The true miracle of U.S. exports is that they have done so well for so long in the face of aggressive competitive devaluations abroad. Japan, China, and Continental Europe have all chosen the easy way out for economic growth--cheap currencies and exports--over the more difficult regimen of restructuring their economies and lowering taxes to stimulate domestic demand. Even with the dollar overvalued by some estimates by 20% against the yen, the yuan, and the German mark, U.S. exports are at a record high. But the yellow lights are blinking, warning of trouble ahead. From a rate of growth of 19.3% in 1995, exports were up only 6.9% in 1996 and less so far in 1997. In fact, the overall rate of growth for U.S. exports has slowed to 5%, from 20% two years ago.
This is serious and warrants attention from Washington. Until recently, the expanding U.S. trade deficit, which has doubled since 1992, was due to the surge in imports. While Europe and Japan languished, the U.S. economy grew nicely. Strong domestic demand pulled in imports. Yet exports boomed as well. Higher productivity, falling prices for high-tech goods, and popular new products shot a flood of U.S. goods into overseas markets despite an ever-rising dollar.
But the dollar's overvaluation may finally have gone too far. The dollar is up so much that the advantages of productivity, price, and product innovation are beginning to be overwhelmed by the high cost of currency. Look at Japanese autos. The yen is now 50% lower against the dollar compared with two years ago. It's so low that Japanese carmakers are reversing previous policy to build autos in the U.S. and are, instead, choosing to export hundreds of thousands of them to America. Even Honda is sharply curtailing its own imports of Made-in-America Hondas into Japan because of the strong dollar. The decline in export growth rates for pharmaceuticals, semiconductors, chemicals, paper, and nonauto capital goods supports the thesis that the dollar, finally, is too high.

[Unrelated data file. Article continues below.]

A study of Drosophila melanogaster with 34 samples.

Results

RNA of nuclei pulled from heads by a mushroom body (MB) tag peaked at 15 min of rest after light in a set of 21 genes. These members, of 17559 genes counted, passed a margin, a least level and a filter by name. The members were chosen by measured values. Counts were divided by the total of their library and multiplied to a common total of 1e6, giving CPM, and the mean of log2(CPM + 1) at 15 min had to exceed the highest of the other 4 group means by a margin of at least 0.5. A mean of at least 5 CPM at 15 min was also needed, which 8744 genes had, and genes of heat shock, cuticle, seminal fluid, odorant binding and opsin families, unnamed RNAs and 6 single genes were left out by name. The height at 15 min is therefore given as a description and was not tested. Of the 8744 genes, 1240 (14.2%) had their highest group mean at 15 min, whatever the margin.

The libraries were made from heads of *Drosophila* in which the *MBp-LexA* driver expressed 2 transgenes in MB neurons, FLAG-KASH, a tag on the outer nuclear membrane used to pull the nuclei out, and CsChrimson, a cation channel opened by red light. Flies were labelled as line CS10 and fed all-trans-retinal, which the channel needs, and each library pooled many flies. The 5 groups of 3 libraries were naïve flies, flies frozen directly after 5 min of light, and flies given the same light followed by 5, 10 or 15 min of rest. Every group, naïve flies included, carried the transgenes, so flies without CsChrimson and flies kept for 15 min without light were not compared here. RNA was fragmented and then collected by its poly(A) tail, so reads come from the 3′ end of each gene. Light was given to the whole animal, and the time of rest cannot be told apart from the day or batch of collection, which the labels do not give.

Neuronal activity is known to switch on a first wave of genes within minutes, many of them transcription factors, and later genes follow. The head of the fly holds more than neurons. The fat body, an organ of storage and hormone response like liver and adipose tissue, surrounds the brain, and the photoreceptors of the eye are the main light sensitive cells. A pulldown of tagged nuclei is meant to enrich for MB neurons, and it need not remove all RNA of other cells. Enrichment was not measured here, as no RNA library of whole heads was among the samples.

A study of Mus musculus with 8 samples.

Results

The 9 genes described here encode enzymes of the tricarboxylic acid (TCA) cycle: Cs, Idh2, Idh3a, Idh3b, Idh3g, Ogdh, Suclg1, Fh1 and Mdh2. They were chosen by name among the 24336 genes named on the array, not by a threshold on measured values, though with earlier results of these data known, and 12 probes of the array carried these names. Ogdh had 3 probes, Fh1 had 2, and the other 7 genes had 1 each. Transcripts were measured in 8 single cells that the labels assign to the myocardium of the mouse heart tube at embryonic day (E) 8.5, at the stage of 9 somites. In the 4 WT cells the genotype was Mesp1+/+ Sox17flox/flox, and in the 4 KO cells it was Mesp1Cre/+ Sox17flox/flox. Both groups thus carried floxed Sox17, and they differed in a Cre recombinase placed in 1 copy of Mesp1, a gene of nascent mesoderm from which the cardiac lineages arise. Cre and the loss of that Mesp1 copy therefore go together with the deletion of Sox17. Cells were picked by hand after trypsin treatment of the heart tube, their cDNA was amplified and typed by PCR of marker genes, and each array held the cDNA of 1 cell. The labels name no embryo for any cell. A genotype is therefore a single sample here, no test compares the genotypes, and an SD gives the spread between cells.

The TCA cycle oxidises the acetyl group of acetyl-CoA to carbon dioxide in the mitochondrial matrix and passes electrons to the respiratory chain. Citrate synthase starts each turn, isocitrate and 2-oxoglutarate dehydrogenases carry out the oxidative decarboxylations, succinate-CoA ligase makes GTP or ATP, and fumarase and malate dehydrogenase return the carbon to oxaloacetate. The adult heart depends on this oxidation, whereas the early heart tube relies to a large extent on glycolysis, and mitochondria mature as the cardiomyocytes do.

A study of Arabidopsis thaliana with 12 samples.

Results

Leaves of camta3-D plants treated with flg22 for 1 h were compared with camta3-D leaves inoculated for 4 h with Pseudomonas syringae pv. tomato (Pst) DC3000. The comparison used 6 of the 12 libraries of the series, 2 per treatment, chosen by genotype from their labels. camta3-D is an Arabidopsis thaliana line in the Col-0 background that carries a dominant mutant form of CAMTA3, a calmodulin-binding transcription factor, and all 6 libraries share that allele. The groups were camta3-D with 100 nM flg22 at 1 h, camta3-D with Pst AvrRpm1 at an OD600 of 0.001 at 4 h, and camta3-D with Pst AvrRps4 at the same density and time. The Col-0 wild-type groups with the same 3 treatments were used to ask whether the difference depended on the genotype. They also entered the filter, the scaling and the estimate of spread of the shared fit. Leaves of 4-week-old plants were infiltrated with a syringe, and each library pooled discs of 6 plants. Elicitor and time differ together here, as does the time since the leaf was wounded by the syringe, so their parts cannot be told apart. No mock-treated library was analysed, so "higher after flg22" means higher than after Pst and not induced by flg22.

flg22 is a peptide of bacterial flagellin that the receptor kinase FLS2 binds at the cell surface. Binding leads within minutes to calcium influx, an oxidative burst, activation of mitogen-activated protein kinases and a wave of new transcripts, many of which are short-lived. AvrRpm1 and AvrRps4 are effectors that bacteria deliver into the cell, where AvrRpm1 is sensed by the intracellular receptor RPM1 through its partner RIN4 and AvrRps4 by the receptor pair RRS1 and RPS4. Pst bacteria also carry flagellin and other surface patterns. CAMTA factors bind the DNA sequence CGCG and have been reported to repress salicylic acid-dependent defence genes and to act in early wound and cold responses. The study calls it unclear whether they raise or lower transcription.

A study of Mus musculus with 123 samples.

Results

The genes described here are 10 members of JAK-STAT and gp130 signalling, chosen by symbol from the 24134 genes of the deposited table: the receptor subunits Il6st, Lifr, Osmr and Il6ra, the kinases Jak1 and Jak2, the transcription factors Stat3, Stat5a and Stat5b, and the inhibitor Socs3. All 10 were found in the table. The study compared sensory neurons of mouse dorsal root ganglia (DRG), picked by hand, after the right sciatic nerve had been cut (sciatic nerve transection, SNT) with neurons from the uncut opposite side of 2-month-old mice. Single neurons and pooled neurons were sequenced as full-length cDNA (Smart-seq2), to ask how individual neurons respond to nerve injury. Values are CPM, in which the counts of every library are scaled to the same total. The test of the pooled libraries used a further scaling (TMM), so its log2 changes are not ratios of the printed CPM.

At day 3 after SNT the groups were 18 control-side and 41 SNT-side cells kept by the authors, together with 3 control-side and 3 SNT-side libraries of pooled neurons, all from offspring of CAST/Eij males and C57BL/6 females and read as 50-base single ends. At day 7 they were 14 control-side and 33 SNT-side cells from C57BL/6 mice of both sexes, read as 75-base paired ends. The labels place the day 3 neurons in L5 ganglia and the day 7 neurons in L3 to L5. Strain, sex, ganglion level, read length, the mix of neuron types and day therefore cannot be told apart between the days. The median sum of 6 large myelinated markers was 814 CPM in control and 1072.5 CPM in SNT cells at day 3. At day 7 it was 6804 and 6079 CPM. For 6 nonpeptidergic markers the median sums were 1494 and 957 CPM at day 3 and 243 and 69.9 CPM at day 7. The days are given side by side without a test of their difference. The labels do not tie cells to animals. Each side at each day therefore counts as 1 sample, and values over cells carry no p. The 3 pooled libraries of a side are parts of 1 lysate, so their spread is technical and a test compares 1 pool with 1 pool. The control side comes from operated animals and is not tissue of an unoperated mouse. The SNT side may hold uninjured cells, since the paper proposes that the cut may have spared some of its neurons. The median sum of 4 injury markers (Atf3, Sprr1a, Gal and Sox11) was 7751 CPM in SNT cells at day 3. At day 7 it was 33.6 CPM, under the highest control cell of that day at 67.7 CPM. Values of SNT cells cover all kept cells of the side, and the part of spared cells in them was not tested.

Each country has its own reasons to undervalue its currency against the dollar. Japanese politicians and bureaucrats prefer public-works spending and exports to stimulate growth rather than creating a consumer-led economy. In Europe, politics hamper the downsizing of the welfare state. Exports are used to promote growth, and a weak mark and franc facilitate it. The new euro is expected to be even more undervalued vis-a-vis the dollar. China hesitates to privatize its state sector because it fears unemployment and political upheaval. So Beijing spends its $100 billion in reserves to keep its currency cheap and export its way to growth.
The U.S. benefits greatly from a strong dollar. It keeps inflation in check, restrains the economy from overheating, and exerts pressure on Corporate America to be competitive. But there are costs, and they are rising. Competitive devaluations have robbed the U.S. of potential exports, income, tax revenues, and jobs. They permit Japan, China, and Europe to procrastinate over domestic economic reforms. They increase the foreign debt the U.S. owes. They may now be threatening the new high-tech U.S. economy, which relies on exports for much of its vitality. In short, the ever-rising dollar, which benefited so many for so long, is beginning to hurt all those it helped. The buck is too high for everyone's good.